NORTH TEXAS (CBSDFW.COM) – Top Texas republicans are calling for some legal changes to the state’s welfare and unemployment benefit programs. Governor Rick Perry and Lt. Governor David Dewhurst want to require mandatory drug screenings for applicants.
Perry and Dewhurst are supporting the pre-filed bill that would authorize drug screenings for “high-risk” Temporary Assistance for Needy Families (TANF) and Unemployment Insurance (UI) benefits applicants. Texas Senator Jane Nelson (R) of Flower Mound filed Senate Bill 11 on Monday, that would require the screenings for TANF applicants.
Dewhurst explained that there would be consequences for those who fail the testing. “And if they test positive then they’re disqualified for the program for up to 12 months, unless they complete a substance abuse program which can be provided by Medicaid.”
According to Governor Perry, drug testing would ensure that recipients are using the benefits for their intended purpose. “Every dollar that goes to someone who uses it inappropriately is a dollar that can’t go to a Texan who needs it for housing, for child care or for medicine,” he said. “Being on drugs makes it much harder to begin the journey to independence, which only assures individuals remain stuck in the terrible cycle of drug abuse and poverty.”
A number of other Texas lawmakers including Representative Lon Burnam (D) of Fort Worth oppose the bill. Burnam says when the state of Florida instituted a similar program, it ended up costing taxpayers more than it saved. “Who are more interested in a spending a lot of money trying to prevent spending a little money than they are on real savings. The states that have done this have actually spent more on the drug testing than what they are saving.”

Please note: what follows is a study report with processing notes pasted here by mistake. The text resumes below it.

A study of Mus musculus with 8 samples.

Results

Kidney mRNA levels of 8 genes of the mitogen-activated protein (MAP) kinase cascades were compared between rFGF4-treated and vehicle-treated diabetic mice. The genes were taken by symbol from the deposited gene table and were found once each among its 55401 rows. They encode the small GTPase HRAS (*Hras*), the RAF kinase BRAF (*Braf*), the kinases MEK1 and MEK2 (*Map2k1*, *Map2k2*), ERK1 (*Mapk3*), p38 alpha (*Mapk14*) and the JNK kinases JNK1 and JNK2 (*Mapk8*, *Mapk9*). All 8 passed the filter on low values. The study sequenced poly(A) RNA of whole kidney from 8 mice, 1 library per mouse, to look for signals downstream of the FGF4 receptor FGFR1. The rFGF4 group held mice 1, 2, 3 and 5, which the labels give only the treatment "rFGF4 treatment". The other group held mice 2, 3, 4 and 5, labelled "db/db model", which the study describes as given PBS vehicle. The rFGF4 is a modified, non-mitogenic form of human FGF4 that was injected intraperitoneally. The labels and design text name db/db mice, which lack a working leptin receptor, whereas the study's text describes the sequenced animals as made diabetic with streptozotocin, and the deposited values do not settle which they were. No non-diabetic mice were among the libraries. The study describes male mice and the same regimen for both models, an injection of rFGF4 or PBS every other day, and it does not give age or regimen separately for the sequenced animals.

Burnam believes parts of the bill are unconstitutional.
Four states have passed similar legislation, requiring welfare recipients to undergo drug testing.
Georgia and Tennessee have yet to implement their programs. Michigan passed it back in 1999, but it was struck down by the courts, after the ACLU sued.
Florida passed one last year. It was halted by the courts, because of an ongoing lawsuit between the ACLU and Florida.
The lawsuit with Florida turned up evidence that during the four months the state mandated drug testing, it spent more money reimbursing people for taking the tests, than it would have saved disqualifying those who tested positive. According to the ACLU’s number crunching, the state lost about $45 thousand dollars.
Only 2.6-percent of people tested positive. The most common thing they tested positive for – marijuana.
Texas SB 11 seeks to be different from Florida. It will require all applicants be “screened” for drug use. Those deemed high risk would be ‘tested.’ How the screening or testing would be performed is not specified in the bill.
The state legislative session begins in January.